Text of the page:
Multiple problems of a multicultural campus

Divided in diversity

Multiple problems of a multicultural campus

Last week, a prominent private university in Greater Noida - Sharda University – was in news for a violent clash between its Indian and Afghan students. Reportedly, a minor tiff over car parking blew into a full-fledged battle and over 1000 students – from both sides - attacked each other with bricks, rods and other construction material lying around. At least two dozen of them were injured besides policemen who went in to control the situation.

Apparently, this was not the first incident of its kind in Sharda. There have been several such conflicts before between the Indian and Afghan student communities here. As Metrolife found, there are deeper reasons to this tension than those which meet
the eye.

A student of Sharda shared with Metrolife on the condition of anonymity, “All the foreign students at our varsity stay in a separate hostel. They also tend to stay in their own groups – the Nigerians with their own, the Nepalese amongst themselves; they come to the classes in a group, sit in the canteen likewise and leave at the end of the day. The Afghans are known to be particularly aggressive which gives rise to more problems.”

Another student added, “Just a few months back, the Afghans had a bitter quarrel with us after one of them commented on the Indian cricket team’s loss in a match. Before that, they had gheraoed the admin block after some problem in admissions. We often feel that they behave this way because they know that they have the backing of their embassy. They know that they enjoy immunity whichever way they may behave.”

Notably, Sharda is not the only varsity in India to be facing this kind of a problem. Earlier this year, NIT Rourkela witnessed an open fight between its Indian and Afghan students similar to the clash that took place at Ravenshaw University, Cuttack in 2011. Lovely Professional University in Punjab is also known to have frequent fights between its Indian and African students.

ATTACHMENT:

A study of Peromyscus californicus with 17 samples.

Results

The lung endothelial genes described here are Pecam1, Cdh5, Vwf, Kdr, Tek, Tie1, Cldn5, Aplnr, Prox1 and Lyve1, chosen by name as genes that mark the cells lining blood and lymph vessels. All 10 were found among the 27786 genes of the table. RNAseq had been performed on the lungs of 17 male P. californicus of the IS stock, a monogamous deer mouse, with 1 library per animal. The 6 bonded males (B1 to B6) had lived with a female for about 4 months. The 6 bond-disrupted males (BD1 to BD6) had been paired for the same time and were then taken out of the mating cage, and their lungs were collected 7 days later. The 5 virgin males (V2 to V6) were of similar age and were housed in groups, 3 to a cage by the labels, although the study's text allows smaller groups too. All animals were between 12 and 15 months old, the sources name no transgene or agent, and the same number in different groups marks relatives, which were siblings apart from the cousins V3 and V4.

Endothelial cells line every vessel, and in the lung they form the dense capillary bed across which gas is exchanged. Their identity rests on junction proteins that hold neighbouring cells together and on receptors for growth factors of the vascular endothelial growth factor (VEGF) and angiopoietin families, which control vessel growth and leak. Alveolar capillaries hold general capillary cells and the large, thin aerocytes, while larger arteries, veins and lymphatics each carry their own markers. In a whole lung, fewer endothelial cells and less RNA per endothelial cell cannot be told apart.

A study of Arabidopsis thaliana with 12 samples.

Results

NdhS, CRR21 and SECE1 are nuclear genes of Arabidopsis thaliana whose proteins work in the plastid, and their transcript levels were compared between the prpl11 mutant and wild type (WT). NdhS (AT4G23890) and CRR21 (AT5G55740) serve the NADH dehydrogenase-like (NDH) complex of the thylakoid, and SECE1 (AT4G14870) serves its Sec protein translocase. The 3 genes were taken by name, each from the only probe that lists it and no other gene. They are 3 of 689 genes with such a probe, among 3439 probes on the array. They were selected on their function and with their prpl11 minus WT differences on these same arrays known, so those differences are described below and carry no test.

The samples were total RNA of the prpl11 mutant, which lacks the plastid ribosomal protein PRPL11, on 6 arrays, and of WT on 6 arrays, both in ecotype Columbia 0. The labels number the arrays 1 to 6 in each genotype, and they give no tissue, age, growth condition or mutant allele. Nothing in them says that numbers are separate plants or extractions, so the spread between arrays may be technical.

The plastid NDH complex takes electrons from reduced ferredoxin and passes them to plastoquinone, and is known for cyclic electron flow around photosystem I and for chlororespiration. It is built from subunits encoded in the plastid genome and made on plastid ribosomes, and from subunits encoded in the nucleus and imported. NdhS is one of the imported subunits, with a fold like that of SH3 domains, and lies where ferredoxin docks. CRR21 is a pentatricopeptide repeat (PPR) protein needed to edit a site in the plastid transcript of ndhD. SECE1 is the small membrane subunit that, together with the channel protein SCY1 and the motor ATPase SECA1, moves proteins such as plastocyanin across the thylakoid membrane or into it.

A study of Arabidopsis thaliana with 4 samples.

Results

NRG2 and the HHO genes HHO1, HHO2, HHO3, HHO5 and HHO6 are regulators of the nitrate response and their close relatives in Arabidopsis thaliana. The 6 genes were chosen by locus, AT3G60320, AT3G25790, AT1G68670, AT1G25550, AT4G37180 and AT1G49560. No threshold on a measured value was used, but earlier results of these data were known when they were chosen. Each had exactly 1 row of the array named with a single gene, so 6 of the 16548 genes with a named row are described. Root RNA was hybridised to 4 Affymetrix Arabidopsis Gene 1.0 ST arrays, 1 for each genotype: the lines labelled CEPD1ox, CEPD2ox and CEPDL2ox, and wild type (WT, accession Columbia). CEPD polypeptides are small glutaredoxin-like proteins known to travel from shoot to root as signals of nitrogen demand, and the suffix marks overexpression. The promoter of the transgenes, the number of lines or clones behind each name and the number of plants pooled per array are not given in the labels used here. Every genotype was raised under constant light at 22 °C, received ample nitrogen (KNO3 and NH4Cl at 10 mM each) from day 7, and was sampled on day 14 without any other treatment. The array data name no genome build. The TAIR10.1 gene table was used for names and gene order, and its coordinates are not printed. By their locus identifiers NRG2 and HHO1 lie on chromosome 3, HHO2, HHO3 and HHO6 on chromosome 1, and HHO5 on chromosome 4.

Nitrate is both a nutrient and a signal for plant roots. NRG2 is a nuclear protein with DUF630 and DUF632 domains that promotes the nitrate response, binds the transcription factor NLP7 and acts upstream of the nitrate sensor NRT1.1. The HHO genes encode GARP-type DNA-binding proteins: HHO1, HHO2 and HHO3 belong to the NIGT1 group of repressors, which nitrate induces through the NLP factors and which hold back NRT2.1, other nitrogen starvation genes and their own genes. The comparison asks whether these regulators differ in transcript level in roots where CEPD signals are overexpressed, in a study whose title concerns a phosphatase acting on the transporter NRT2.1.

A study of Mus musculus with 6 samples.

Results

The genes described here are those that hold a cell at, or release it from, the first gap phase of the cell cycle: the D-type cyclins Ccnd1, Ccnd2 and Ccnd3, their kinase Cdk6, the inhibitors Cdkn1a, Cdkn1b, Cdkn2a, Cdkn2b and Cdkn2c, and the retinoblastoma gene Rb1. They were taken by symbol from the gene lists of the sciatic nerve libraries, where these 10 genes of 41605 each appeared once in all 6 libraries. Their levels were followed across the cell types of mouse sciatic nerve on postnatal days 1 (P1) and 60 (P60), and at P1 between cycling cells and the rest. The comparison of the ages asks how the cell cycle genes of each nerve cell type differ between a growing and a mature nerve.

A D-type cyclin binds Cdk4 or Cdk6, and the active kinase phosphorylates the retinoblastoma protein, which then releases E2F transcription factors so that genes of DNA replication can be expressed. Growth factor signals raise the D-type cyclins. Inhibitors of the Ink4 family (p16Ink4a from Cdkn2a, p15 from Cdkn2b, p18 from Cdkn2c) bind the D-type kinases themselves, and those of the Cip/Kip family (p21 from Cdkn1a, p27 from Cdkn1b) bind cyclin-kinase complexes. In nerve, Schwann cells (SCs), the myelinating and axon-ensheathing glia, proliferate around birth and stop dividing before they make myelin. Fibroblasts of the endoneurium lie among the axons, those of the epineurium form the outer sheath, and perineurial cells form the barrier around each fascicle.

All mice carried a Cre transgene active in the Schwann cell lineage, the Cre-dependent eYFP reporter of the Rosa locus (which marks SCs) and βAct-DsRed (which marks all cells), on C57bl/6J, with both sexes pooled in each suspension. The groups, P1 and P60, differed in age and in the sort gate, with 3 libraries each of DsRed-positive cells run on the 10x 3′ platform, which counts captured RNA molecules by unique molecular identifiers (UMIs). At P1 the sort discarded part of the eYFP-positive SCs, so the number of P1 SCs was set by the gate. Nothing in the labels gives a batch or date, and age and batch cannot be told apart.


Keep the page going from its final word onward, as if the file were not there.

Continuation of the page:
When Metrolife contacted another growing private varsity in NCR, Galgotias, its pro VC Prof Renu Luthra shared, “It is very lucrative for private varsities these days to have a large foreign student population. Not only does it bring them foreign currency in fees but these students also form an institute’s global face. However, a multi-cultural student population is a double-edged sword. If you don’t know how to handle it, you can land in a real mess.”

“To begin with, at our varsity, we never take more than a couple of students from a particular country. Otherwise, there is always the danger of gang formations. Secondly, our students are compulsorily taught a course called ‘Appreciating Diversity.’ After all, tomorrow, when they go to work in a multi-cultural set-up, they must know how to conduct themselves.”

Aditya Berlia, Pro-chancellor and co-founder, Apeejay Stya University, completely agreed with her, “It is very important that varsities make conscious efforts to bring such student groups together. An inter-disciplinary study approach, in itself, is very helpful in putting together students from different courses and nationalities. Then they must be necessarily made to work on projects and assignments together.”

“Other than that, frequent cultural events are a must where students from all parts of the world exhibit their culture and traditions. It not only increases their cultural knowledge but raises bonhomie as well. Hosting foreign students should not become solely a business means. Rather, these students should retain a good feeling about India long after leaving.”